Oz scientists have modeled the movement of the virus that causes the common cold by using a new supercomputer.
The breakthrough opens up new targets for drug treatments, which could save many lives worldwide.
While the common cold does not cause much harm to healthy individuals, it often exacerbates common lung conditions such as asthma and chronic obstructive pulmonary disease, causing many hospitalisations and deaths each year.
For this reason, scientists are trying to find new treatments for rhinovirus, the most frequent cause of the common cold.
The deputy director of the St Vincent's Institute of Medical Research, Professor Michael Parker, said he and his team had been working with pharmaceutical company Biota Holdings Ltd to understand the rhinovirus for a new drug to treat it in vulnerable people.
He said they had used Melbourne's synchrotron - a giant microscope - to look at the three-dimensional structure of the virus and had now used the supercomputer to show how the virus moves.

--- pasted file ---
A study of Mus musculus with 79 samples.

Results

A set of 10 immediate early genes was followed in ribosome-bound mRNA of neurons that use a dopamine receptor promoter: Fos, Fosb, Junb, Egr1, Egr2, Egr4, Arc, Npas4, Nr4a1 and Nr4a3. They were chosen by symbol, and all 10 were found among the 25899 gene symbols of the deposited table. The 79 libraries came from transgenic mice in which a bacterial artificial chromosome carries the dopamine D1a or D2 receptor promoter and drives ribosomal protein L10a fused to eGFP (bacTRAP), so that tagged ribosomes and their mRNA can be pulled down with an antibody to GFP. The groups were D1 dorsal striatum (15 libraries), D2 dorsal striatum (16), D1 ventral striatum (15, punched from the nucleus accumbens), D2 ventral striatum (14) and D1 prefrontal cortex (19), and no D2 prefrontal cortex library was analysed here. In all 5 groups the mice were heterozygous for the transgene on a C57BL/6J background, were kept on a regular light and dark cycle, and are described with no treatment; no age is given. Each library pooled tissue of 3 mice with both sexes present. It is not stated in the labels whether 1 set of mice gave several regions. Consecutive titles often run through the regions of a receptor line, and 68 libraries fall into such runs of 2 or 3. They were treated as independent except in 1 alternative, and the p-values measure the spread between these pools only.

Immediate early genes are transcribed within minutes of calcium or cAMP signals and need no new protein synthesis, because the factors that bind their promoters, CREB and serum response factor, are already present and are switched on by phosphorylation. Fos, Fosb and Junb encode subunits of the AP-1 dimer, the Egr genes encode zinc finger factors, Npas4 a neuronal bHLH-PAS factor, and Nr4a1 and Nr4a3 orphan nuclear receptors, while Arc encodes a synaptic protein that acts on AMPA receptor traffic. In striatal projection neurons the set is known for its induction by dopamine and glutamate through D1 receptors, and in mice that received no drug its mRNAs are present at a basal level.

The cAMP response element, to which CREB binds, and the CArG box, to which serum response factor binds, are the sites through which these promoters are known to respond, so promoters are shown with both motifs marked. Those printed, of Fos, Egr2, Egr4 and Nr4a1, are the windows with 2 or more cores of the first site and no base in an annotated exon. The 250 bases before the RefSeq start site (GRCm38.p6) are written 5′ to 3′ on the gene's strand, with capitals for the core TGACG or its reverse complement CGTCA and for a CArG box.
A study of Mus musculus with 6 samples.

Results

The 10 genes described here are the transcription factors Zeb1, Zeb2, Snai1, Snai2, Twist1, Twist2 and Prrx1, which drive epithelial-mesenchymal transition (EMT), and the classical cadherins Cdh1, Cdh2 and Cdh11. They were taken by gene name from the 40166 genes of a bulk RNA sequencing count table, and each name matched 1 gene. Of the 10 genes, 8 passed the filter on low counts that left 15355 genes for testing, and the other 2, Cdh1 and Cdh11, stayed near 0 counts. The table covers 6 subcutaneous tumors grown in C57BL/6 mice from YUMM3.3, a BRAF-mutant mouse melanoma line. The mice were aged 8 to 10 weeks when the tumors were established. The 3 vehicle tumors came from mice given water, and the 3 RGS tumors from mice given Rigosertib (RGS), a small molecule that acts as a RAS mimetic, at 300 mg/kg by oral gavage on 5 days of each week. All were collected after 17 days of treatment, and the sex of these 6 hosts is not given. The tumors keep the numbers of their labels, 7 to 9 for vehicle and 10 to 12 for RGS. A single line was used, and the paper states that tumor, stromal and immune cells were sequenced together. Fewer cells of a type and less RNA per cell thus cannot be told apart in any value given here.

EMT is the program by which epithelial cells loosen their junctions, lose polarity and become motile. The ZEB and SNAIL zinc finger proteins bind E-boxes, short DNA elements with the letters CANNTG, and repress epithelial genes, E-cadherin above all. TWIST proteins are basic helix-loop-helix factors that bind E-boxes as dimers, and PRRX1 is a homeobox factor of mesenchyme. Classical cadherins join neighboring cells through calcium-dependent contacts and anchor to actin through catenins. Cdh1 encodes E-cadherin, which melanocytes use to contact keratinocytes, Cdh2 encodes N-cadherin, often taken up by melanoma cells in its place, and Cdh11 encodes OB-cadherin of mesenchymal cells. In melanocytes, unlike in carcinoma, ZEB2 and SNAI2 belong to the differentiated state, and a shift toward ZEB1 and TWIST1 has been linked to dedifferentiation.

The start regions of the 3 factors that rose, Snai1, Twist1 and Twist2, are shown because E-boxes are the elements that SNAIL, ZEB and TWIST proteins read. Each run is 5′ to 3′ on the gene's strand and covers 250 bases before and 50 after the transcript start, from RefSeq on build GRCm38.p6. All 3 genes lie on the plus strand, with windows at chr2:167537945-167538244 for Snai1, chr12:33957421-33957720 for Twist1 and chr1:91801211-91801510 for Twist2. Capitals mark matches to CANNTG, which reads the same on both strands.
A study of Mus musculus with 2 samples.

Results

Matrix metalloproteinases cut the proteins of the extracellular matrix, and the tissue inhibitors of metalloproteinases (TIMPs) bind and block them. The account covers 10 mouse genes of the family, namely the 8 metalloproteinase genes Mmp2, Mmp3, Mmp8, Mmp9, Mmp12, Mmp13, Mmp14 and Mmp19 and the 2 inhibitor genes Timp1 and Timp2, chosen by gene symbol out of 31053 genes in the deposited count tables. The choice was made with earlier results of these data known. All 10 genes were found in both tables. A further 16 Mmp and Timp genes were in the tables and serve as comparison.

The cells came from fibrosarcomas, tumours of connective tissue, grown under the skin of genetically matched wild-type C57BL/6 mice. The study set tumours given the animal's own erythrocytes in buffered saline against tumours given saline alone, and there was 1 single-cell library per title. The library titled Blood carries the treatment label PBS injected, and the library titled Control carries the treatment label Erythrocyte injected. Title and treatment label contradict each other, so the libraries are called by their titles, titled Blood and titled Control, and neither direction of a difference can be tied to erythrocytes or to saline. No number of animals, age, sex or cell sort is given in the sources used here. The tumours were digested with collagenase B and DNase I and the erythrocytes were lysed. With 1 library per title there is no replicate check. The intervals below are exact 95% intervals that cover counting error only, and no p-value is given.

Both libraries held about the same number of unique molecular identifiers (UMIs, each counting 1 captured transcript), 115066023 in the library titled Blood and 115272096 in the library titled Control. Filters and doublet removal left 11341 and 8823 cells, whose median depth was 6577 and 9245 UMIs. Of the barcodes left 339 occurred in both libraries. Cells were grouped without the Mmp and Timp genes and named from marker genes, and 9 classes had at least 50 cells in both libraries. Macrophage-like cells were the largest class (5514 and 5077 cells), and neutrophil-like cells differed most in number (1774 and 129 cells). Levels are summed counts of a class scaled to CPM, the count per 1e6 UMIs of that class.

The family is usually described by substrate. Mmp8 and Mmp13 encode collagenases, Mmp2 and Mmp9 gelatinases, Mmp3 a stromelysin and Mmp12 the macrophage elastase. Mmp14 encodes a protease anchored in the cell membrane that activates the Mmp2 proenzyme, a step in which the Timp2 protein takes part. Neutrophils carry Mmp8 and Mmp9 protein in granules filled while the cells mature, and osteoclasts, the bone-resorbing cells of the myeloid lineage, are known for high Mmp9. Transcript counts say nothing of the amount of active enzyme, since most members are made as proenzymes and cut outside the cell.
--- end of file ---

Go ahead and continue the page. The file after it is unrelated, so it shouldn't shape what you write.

"If you consider a virus as an organism, this is the first simulation of a whole organism, which is pretty exciting. No one has been able to do this before. It helps us understand how the virus works," the Age quoted Professor Parker as saying.
He said the information was useful for Biota Holdings Ltd, which has its drug in phase two trials, but would also be published for the use of scientists worldwide.
"This could make a huge difference. For some people, it could be the difference between life and death," Professor Parker said.
Professor Parker said the simulation had also boosted hopes researchers could do the same for a range of other viruses including polio and meningitis, and open up new targets for drug treatments.
"All this work we're doing now with the supercomputer will hopefully open up new paths for drug discovery," he noted.